I saw an advertisement on the TV last night. “Evangelist” (I put the term in quotes because frankly I do not find much evangelism in his “ministry” and for the same reason I use quotes around ministry) Peter Popoff declared that God wants you to prosper financially according to 3 John 2 (“Beloved, I wish above all things that thou mayest prosper and be in health, even as thy soul prospereth.”) The means to this prosperity is by writing the Popoff ministry and requesting the free gift of “miracle spring water.” The ad included testimonies of people receiving various checks in the mail for large sums of money. Wow, who could pass up a deal like that? Ummm, any logically thinking person!
Consider first, the credibility of the offeror. In 1986 Popoff was exposed as a fraud when it was discovered that his wife was transmitting information about people in his audience who had various illnesses while he claimed that God was miraculously revealing this information to him. As far as I know, Popoff never repented of his deception.
Second, consider the text he claims promises prosperity. This epistle of John was written to a man named Gaius. Gaius was greatly loved by John and apparently by all who knew him. He was also a man that was living his life by biblical standards in the will of God and one given to ministry to others. It might be said that Gaius was a model Christian. Yet Gaius was NOT financially prosperous or healthy. If anyone should have been according to the prosperity teachers, Gaius was it. 3 John 2 simply cannot support the contention that it is the will of God that Christians be financially prosperous.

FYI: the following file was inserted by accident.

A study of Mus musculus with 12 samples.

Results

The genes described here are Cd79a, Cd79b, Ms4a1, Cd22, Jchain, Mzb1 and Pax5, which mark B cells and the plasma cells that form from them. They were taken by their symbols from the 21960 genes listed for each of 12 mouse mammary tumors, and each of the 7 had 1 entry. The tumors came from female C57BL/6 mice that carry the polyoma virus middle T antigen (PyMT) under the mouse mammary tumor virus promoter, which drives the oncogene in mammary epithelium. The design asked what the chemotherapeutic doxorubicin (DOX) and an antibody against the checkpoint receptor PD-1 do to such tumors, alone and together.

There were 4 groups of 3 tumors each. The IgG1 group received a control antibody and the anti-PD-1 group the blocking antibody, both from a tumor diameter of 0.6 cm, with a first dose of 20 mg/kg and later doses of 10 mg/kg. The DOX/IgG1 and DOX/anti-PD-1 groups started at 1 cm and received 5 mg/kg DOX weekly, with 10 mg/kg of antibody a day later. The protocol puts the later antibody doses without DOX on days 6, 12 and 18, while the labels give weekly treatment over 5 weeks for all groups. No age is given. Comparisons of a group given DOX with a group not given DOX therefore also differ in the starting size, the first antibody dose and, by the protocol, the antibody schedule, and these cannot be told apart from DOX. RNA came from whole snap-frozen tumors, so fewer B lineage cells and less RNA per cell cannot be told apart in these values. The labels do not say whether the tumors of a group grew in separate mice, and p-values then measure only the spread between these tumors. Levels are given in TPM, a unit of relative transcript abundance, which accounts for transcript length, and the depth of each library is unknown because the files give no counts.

Likewise, there is testimony in Scripture where other godly saints were poor. For example, when Peter and John went up to the Temple and saw the lame man seeking alms, Peter stated, “Silver and gold have I NONE…” (Acts 4:6) The apostle Paul said that he knew times of financial adversity (Philippians 4:120). Paul also was involved in taking up a collection for the poor saints in Jerusalem.
Finally, consider the “logic” of the offer. Popoff claims that the miracle water is a tool that generates faith which releases the prosperous graces of God. Apart from its contradiction with Scripture which declares that it is the Word of God that generates faith (Romans 10:17) it seems that if someone was going to request this miracle water, they already had faith that it would be beneficial to them.
Shortly before he died, Jesus uttered, “Father, forgive them for they know not what they do.” The minds of those who crucified Jesus were in neutral while their wills were in overdrive. Jesus had demonstrated with perfect clarity His deity and the logical response of the people should have been to receive Him as Savior and for the Jews, to welcome Him as their Messiah. Fortunately, forgiveness can be found in the grace of God, for the same lack of thinking today has led to all kinds of theological scams, like Popoff’s miracle water. There is an old proverb that goes, an ounce of prevention is worth a pound of cure. Allow me to reword it for this THOUGHT. A moment or two of biblical thinking is much better than hours of regret from falling for a ruse.